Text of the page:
By Jim Schutze
By Rachel Watts
By Lauren Drewes Daniels
By Anna Merlan
By Lee Escobedo
By Eric Nicholson
Woonerfs have appeared to me, and now I understand the universe. Even more amazing, for the first time I understand Ed Oakley. Sort of.
Let me say this about that: At least symbolically, the woonerf is at the core of everything that's screwed up about the Trinity River project. And I know what you're thinking. You're thinking that my obsession with the Trinity River project has finally taken a tragic toll on my sanity. You know what I say to that?
There I was a week ago one evening at City Hall sitting through yet another endless PowerPoint presentation, feeling as I always do when subjected to PowerPoint—like I had chugged a family-size bottle of Children's Benadryl. How sane would you be? And then the young city staff gentleman making the presentation said it:
David Whitley, a city planner for the Trinity project, was telling a subcommittee of the Dallas Plan Commission about steps the city is taking to improve a "PD," or planned development district, for design showrooms down near the river on the other side of Stemmons Freeway from American Airlines Center. I was trying to think scary thoughts to keep myself from taking a swan dive into the carpet.
And then Whitley said, "Another interesting concept that the PD deals with is this woonerf concept, which is a Dutch word meaning living streets. It's re-imagining the rail beds and creating a new zone that would be a lot more suitable for multi-modal transportation."
Rail beds! Woonerfs! Oakley!
I have been trying for three years to figure out why Oakley was buying up bits and pieces of abandoned rail spur in this area.
Even though Oakley doesn't represent the Trinity Design District area on the council, he has used his role as chairman of the council's powerful Trinity River committee to keep himself intimately involved in the legal and zoning changes made to the Design District area over the last several years.
Ed Darrouzet, chairman of the Trinity Association ("merchants, businesses, landlords and tenants of the Trinity Industrial District and The Design District") says on his personal Web site that Oakley "deserves the most credit for having the foresight and knowledge to push us ahead and keep us on the right track these past years. He is without a doubt, [the district's] greatest asset."
On its official Web site, the association touts as its No. 1 organizational goal "the election of Councilman Ed Oakley to be Mayor of Dallas."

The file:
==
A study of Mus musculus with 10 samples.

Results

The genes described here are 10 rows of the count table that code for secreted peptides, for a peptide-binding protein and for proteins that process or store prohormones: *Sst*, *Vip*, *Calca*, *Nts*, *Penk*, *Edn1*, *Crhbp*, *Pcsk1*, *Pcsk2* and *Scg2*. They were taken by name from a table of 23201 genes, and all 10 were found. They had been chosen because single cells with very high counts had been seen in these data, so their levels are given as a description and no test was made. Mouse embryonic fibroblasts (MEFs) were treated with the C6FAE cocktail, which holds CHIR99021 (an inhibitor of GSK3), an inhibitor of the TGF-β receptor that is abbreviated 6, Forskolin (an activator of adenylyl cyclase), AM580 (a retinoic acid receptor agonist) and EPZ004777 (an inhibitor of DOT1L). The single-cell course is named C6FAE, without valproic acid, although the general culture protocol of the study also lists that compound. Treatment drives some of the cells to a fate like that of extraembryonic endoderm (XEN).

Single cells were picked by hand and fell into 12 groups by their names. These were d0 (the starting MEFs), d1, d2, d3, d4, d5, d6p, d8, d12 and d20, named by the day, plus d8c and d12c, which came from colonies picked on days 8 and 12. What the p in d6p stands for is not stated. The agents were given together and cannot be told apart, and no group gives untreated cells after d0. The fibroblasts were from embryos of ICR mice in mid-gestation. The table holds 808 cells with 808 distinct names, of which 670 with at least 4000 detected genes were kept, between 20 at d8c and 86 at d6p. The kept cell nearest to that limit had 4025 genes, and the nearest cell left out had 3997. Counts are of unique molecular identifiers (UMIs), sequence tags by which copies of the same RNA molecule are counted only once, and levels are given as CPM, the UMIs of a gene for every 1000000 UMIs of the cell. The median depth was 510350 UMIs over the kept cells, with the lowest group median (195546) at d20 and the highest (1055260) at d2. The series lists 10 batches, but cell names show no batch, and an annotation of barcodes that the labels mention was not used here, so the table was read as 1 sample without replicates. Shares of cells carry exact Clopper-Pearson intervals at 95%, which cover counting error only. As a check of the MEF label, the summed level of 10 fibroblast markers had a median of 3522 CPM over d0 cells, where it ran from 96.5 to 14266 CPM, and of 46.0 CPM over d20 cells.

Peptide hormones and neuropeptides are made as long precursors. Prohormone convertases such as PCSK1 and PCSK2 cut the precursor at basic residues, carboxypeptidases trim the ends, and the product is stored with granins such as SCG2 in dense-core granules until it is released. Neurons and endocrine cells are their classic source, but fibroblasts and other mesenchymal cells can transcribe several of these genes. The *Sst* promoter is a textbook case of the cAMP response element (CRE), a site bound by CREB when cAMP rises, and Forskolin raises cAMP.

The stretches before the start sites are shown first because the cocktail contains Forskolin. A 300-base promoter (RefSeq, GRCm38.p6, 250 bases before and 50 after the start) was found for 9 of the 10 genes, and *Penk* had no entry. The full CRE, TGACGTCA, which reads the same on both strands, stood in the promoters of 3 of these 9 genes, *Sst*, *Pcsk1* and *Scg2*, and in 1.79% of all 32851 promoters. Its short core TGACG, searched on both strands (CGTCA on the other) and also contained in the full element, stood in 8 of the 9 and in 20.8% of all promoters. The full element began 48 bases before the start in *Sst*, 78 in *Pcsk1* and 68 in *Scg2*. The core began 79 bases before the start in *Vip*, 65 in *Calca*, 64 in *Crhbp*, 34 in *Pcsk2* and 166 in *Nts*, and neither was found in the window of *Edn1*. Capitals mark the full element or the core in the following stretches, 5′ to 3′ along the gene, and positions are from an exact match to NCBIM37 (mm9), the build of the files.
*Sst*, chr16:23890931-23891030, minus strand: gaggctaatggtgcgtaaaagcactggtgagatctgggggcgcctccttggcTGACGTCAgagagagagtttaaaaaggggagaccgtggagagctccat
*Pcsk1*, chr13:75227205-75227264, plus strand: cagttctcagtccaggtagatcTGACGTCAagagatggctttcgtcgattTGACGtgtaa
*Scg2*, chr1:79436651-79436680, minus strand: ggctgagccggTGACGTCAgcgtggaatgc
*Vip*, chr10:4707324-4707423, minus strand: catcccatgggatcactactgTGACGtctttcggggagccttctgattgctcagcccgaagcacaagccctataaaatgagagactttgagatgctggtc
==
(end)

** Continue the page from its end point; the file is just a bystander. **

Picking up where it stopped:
The association also declares on its Web page that it "vehemently opposes Councilwoman Angela Hunt's ill-conceived and politically motivated idea to place the Trinity Reliever Toll Way outside the already approved Alternate 3-B design."
The association opposes Hunt's call for a referendum to get the proposed high-speed toll road out of the Trinity River park now being developed. It says putting the toll road on Industrial Boulevard through their district would mess up their deal.
The area is occupied mainly by one-story masonry-block buildings on concrete slabs built in the 1950s as warehouses. The plan, already well under way, is to redevelop it as a stylish center for commercial arts and wholesale showroom spaces, among other things.
Nowadays most warehousing is done by truck. Back in the '50s the little warehouses in this district all had their own rail spurs in back. Those spurs haven't been used in decades, and the tracks are gone. So now the area is honeycombed with narrow grass alleys where the tracks used to be.
I could never figure out why Oakley was buying them. Several years ago when I first looked at this, he owned a couple rag-ends of the old rail spurs. Now he owns four pieces, and he has traded others in the meantime.
I was always sort of bothered anyway that Oakley was buying other real estate for himself in the district, right at the point of most impact for the Trinity River project, of which he is the single most vocal and uncritical champion on the city council.
He owns or has owned three buildings in the area. He sold one property two to three years ago at a value at least 70 percent higher than it was on the tax rolls the previous year. He holds two more properties in the district—warehouses for his construction company—that have gone up about 21 percent in value in the last couple years.
But Oakley has been scrupulous, I must say, in abstaining from council votes that bore directly on those properties, and he says he bought the properties for his business.
But what about the rail spurs? A couple years ago when I spoke to Councilman Oakley about his strange habit of buying up little bits and pieces of abandoned rail spur inside the Trinity Design District, he sort of laughed me off. Some were adjacent to property he owned or had an interest in, he said. Others were not adjacent to anything he owned, but he just bought them anyway. So what? They were only worth a few grand. What business was that of mine?